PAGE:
Movie Review: CAPTAIN PHILLIPS (2013)
It’s been a while since I’ve been reminded of the powerhouse that is Tom Hanks. However, after watching this legend back after a few years in the dramatic thriller based on a true story, I’m surprised how I ever forgot. Here is my Movie Review of CAPTAIN PHILIPS.
Blank Page Rating: 3.5 out of 5 Lifeboats
Hanks plays the titular role of Richard Philips, a Captain for a cargo vessel transporting cargo containers around the world. One of the things that really surprised me during the viewing of this film was how much some old world threats are still very much present today. When we think of ‘Pirates’ most of us may think of those horrible Disney movies, however they are a very real threat for the people working on Cargo Vessels transporting majority of the goods that we use in our everyday lives, to and from their countries of manufacturing. CAPTAIN PHILIPS illustrates this threat very well, as such an incident occurs during a transport run. The ship is boarded by Pirates, and the events that unfold, is what CAPTAIN PHILIPS is about.
Director Paul Greengrass is known for his grounded in reality films, that are never over the top or embellished and he does the same here. When first I heard about the premise of this film, I rolled my eyes at the thought of an aging Tom Hanks running around a ship, shirtless, guns blazing trying to free hostages and taking down pirates ala Steven Segal. I was never more glad to be wrong, as CAPTAIN PHILIPS is a very intense story about the real heroics of an everyday man, which was just as engaging and interesting to watch, if not more so. The first part of the film focuses on the Pirates’ presence on the ship and their demands of ransom, while the later half sees Captain Philips allowing himself to be taken hostage, in an effort to get the Pirates off of the ship and save the lives of his crew.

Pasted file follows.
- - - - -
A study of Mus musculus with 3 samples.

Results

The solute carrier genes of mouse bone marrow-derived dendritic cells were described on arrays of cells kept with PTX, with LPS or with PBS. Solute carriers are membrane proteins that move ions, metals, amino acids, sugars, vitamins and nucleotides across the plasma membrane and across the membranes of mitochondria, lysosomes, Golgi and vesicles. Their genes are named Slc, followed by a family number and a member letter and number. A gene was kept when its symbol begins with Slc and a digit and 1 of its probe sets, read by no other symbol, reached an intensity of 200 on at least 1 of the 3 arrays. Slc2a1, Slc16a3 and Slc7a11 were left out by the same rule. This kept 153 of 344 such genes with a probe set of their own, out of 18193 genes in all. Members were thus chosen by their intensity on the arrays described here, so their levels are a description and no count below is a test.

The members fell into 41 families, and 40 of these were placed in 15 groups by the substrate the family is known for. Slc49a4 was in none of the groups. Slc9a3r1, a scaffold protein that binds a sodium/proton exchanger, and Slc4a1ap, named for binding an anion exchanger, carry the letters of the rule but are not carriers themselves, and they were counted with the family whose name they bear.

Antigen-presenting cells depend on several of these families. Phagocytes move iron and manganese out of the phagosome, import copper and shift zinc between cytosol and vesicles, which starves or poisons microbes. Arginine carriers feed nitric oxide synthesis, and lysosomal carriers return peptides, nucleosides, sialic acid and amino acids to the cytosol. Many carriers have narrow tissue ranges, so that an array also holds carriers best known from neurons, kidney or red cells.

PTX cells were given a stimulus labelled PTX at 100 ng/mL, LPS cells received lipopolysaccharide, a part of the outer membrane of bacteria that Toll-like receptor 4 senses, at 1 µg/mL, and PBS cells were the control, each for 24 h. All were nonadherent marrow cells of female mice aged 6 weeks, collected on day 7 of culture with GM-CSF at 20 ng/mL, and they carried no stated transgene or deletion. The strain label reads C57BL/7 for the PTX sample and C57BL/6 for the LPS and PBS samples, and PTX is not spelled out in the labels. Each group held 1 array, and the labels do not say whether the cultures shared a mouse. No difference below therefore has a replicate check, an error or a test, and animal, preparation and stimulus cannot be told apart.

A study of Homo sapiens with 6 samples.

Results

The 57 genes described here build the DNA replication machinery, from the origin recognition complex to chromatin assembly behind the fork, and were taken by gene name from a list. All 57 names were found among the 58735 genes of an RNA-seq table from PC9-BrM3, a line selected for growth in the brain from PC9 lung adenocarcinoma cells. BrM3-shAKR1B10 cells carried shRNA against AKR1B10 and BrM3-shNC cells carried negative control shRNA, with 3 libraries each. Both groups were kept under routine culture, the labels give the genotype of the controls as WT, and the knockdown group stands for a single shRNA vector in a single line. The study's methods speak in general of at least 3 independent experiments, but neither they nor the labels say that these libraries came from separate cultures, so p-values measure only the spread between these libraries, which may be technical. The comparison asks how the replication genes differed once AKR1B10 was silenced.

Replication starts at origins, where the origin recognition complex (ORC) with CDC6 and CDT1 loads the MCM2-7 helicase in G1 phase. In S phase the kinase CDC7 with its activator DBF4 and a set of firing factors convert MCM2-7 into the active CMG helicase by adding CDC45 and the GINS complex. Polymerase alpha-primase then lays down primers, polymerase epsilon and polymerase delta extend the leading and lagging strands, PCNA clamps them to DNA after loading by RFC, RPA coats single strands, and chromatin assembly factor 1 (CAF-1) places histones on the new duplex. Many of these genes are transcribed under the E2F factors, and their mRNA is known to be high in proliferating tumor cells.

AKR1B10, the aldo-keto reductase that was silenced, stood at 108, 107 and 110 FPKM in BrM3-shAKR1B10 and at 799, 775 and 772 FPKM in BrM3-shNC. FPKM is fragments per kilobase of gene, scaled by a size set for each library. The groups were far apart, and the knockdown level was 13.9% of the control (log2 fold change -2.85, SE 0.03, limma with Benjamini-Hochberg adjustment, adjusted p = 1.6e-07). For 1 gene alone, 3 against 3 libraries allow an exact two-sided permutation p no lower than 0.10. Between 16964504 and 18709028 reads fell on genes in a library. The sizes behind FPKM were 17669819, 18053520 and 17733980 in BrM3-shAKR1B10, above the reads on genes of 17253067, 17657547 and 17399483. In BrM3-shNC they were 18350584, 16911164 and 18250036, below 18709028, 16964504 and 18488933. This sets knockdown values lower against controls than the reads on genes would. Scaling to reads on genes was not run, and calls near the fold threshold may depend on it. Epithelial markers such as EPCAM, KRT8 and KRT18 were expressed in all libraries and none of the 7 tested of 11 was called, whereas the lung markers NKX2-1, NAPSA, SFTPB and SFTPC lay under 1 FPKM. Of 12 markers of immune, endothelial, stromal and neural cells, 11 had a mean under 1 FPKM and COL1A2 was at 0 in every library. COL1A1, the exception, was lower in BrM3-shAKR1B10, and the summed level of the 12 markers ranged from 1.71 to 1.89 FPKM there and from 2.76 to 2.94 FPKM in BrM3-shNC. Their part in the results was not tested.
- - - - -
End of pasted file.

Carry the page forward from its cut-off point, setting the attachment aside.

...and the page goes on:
CAPTAIN PHILIPS further enhances the realism of the story, by showing us the lives of the would-be Pirates as well; one in particular, played by Barkhad Abdi. Coming from desolate conditions in Somali, Abdi’s Muse is seen to become the unlikely Pirate leader, who needs to secure the contents of the ship, in order to get a payout that will see his bosses happy. Despite being the ‘villain’ of the story, Muse is humanized as being a man compelled by his conditions and situation. Abdi’s chemistry with Hanks is amazing, as the two play off each other’s intensity with ease. The earlier scenes even show a nice parallel between the lives of the two characters. While Philips wakes and slowly packs and discusses the future of his children with his wife while going through rush hour traffic, Muse is rudely awakened from his hut by the prospect of recruiting desperate men to come with him to hijack foreign vessels in order to feed their families. It’s a great contrast between the two men.
The realism of CAPTAIN PHILIPS makes the story that much more intense to watch. As is the norm with Greengrass’ films, no aspect of the story is dumbed down for the audience. In an era of superhero films, the real world heroism performed during the movie are very underplayed, and shot as such. It’s a dramatically engaging movie that really makes the audience wonder how they would react in the shoes of Captain Philips themselves.